By on November 30, 2017

2018 Jeep Wrangler

Jeep Wrangler fans are the type of enthusiasts who know and appreciate the history of the model, and Jeep knows that. Since we already knew just about everything about the 2018 Wrangler before the sheets came off in Los Angeles, we here at TTAC figured it might be interesting to take a closer look at some of the smaller details that go beyond horsepower, torque, and transmission type.

One of Jeep’s PR folks walked me through the various callbacks to prior Wranglers that are evident, if not obvious, on the new Wrangler.

Wrangler lovers will like the plaque mounted on the inside of the tailgate — it lists the JL’s dimensions and just looks cool.

2018 Jeep Wrangler

The next cool detail is the roofline — the softtop can extend out past the C-pillar and give a bit of coverage to the rear cargo area, as shown here.

2018 Jeep Wrangler

I wasn’t able to get quality photos, but the doors have different pull hooks and door pins than the current model.

The air vent shown here is functional, helping to cool the motor:

2018 Jeep Wrangler

Two footman’s loops adorn the hood, as pictured here.

2018 Jeep Wrangler

Perhaps most notable, the Jeep badge deserts the front grille and moves back to the bodyside.

2018 Jeep Wrangler

And, of course, the windshield folds down, as previously reported.

2018 Jeep Wrangler

The dash also returns to a flat-top design.

2018 Jeep Wrangler

And finally, eagle-eyed readers will notice that the doors are bit more rounded-off — this is to make it easier to get in and out of the Jeep when off-roading.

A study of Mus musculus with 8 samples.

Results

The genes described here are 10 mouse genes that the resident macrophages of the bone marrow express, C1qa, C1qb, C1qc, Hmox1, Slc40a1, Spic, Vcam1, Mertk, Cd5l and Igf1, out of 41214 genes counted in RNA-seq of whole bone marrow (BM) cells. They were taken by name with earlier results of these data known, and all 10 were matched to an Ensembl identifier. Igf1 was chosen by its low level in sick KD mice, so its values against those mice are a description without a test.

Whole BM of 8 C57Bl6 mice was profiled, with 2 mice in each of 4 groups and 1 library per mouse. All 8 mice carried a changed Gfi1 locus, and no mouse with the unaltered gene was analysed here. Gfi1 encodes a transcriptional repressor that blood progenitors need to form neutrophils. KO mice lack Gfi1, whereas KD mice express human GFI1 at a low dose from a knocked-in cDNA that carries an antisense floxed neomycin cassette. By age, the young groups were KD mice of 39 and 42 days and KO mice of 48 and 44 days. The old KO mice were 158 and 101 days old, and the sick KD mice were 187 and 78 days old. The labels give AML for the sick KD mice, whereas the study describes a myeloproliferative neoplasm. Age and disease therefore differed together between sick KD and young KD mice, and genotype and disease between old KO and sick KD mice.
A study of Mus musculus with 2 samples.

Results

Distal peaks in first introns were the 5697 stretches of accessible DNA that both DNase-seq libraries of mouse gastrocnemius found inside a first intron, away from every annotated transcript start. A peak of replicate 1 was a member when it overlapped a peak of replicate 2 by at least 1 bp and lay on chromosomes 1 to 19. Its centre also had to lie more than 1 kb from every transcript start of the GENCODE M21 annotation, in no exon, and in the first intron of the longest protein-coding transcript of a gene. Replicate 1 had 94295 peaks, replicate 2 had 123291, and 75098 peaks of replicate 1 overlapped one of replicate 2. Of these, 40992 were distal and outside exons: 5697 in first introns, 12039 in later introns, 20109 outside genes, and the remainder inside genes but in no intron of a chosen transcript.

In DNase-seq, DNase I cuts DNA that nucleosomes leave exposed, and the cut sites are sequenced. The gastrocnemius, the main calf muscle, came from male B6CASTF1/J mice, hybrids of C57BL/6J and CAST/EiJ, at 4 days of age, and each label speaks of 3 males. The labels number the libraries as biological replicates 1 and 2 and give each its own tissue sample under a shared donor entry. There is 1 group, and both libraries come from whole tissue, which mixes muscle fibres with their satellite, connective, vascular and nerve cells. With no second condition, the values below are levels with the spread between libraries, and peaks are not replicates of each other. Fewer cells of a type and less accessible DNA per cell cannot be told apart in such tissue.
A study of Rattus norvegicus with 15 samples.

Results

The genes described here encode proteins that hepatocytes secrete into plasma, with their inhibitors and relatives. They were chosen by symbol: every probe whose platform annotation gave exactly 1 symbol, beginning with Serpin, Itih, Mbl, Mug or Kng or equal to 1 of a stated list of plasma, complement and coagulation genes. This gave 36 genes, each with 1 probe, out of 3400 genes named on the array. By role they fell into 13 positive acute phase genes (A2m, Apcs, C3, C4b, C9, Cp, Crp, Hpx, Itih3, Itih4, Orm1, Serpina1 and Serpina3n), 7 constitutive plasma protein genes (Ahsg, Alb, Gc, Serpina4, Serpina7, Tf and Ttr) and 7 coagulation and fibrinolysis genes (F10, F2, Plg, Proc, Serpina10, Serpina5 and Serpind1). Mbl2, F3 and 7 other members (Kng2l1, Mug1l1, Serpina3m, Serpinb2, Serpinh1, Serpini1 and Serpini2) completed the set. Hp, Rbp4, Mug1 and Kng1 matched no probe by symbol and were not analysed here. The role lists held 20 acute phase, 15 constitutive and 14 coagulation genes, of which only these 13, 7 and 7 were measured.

2018 Jeep Wrangler

Jeep has loaded the 2018 Wrangler with enough small details to keep the keen-eyed busy. Next up — actually driving the damn thing.

[Images:  © 2017 Tim Healey/The Truth About Cars]


  • avatar

    With the link between namesake and metal as tenuous as ever…I bin this design refresh as a display of “incredible restraint”. It is difficult to compare the success of the Wrangler silhouette with any other automobile.

    Also, “real” Jeep owners ought to rejoice as their Wrangler value should increase directly proportional to the level of any supposed blasphemy.

  • avatar

    I like it! I once owned a TJ and vowed that I’ll get another some day. Keeping the third pedal, a two door, and adding a diesel option will likely seal the deal for me.

    FCA remained true to the Jeep heritage while making attempts to keep the new JL current. I think it will be a success.

  • avatar

    “Jeep has loaded the 2018 Wrangler with enough small details to keep the keen-eyed busy. Next up — actually driving the damn thing.”

    Why are you condemning the Jeep before driving one? After all, the word “damn” means “condemn”.

    Use proper English, please, without unnecessary adjectives.

  • avatar

    Definitely going to need a ‘hands on’ inspection. I will admit the soft top design is different from the JKU, though it, too, extended beyond the C-pillar for load coverage. The difference is really in the side panels and rear window. The JKU panels were somewhat annoying as you had corner panels you couldn’t hide away and would pull free of their clips at highway speed when wide open with the top up. This looks cleaner. But is it easier to remove and install those panels than before?

  • avatar

    Sport V6 2-door 4×4 6 speed manual hardtop is how I would want mine. The high resale is the thing that keeps tempting me on buying one new.

    • 0 avatar

      I totally agree on the resale value of Wranglers. I bought my ’98 TJ right, drove it for 50k, and sold it for $600 less than I paid for it.

      • 0 avatar

        Just went to look at “trade in value” on a 5-6 year old Sport S 4×4 manual transmission hardtop with 80,000 miles and even the online sites which tend to low ball trade in a bit were saying that it was roughly $16,000. That’s insane when you could buy a new one for about $25,000.

  • avatar

    Looks like a nice update. I’m intrigued by the photo with a cargo carrier mounted directly to the hardtop. One of the things that has kept me from considering one previously is having to install a giant exoskeleton in order to carry a canoe. If it can carry a boat and can be had with V6, MT, and full-time 4WD, I’m interested. I passed on the Liberty ’cause full-time could only be had with an AT.